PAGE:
Company Pension Schemes

A good proportion of the UK’s working population are members of a company pension scheme. Occupational pension schemes are those run by your current or former employer/s. These come in two basic types: defined benefit, where the benefits paid in retirement may be based on a combination of your age, length of service and the pensionable salary you are paid just before you retire – your final salary; defined contribution, also known as money purchase, which will pay out an amount based on the size of the fund, into which your contributions have been invested, at retirement.

Group personal pensions are becoming more popular with employers, these are low cost personal pension plans bought by groups of employees under the auspices of their employer. The latter are personal pension schemes organised as a group to share lower costs of administration. (See section on Personal Pensions)

Your employer may make a contribution to your occupational pension scheme in addition to deducting a percentage of your salary and paying it into the scheme. You may make extra contributions to your occupational scheme to boost your pension provision up to a maximum of the maximum limit (annual allowance), tax relief is available on pension contributions of up to 100% of your taxable earnings. (You may contribute more than your taxable earnings but no tax relief will be given on payments above that amount).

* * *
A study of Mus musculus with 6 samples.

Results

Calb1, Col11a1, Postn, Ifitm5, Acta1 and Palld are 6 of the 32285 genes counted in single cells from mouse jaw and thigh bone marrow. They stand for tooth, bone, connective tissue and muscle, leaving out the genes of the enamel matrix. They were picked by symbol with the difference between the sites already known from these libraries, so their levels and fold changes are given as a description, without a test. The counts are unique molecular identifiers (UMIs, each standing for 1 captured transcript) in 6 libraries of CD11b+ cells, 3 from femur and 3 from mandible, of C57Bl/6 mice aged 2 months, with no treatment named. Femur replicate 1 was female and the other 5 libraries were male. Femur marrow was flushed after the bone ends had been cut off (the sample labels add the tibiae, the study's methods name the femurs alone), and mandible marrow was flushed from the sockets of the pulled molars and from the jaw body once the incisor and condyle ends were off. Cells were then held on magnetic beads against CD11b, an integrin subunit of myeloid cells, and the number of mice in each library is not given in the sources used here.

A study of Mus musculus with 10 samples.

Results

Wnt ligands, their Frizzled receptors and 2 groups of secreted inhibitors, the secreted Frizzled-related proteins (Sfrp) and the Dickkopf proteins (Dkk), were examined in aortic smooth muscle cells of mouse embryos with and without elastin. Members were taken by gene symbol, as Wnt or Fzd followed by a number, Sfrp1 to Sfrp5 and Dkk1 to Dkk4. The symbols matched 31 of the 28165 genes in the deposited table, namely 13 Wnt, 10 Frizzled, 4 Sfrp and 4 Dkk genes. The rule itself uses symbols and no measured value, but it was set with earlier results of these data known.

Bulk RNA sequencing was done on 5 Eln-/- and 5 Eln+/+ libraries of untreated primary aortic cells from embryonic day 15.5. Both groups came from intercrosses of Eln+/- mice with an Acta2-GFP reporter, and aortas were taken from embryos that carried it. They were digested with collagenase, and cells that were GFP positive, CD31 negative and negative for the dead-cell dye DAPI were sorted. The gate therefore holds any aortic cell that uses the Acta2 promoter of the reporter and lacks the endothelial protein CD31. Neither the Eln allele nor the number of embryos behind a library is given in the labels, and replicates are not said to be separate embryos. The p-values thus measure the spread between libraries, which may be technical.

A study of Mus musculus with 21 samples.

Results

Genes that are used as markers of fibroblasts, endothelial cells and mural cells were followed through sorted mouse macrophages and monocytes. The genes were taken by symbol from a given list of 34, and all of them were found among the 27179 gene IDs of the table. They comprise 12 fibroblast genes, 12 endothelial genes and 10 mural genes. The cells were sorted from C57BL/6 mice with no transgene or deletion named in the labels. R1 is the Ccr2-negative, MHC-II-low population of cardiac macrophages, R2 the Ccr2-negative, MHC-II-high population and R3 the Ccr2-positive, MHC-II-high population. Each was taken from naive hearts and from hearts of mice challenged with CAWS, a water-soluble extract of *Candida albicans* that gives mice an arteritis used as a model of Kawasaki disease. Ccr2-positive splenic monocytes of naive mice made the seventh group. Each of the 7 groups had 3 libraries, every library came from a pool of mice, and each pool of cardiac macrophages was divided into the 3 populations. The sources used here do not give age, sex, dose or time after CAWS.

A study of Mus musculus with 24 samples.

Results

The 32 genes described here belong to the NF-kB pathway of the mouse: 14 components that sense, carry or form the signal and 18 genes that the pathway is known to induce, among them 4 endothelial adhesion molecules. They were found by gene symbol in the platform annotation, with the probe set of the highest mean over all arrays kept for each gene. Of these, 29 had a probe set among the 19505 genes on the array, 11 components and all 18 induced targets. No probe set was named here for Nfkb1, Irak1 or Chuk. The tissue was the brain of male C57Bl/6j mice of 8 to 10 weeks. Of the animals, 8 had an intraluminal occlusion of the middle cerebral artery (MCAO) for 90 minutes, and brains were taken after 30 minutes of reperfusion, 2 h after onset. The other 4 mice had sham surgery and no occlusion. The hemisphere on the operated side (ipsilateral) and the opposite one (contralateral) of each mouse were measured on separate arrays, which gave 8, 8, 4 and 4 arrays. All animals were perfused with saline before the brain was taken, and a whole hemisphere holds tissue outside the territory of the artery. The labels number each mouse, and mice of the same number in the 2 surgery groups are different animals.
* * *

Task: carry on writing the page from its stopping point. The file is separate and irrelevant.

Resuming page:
Eligibility to join a company scheme varies from company to company. Some allow their employees to join either straight away or very soon after joining the company, whilst others put in place conditions before an employee can join, such as a minimum number of years of service, or upon reaching a certain age.

There are two main types of company scheme, final salary & money purchase . They differ greatly in what they offer and how they work. At present, final salary schemes are the most common in terms of number of members, but many large firms are now switching over to the money purchase type and in particular group personal or group stakeholder pension schemes, because they are cheaper for the employer to fund .

From October 2012 there will be new legal duties on employers designed to help more people working in the UK save for their retirement.

Employers will have to enrol all their eligible workers into a pension scheme that meets or exceeds certain legal requirements, including the minimum amount of money they as an employer have to contribute.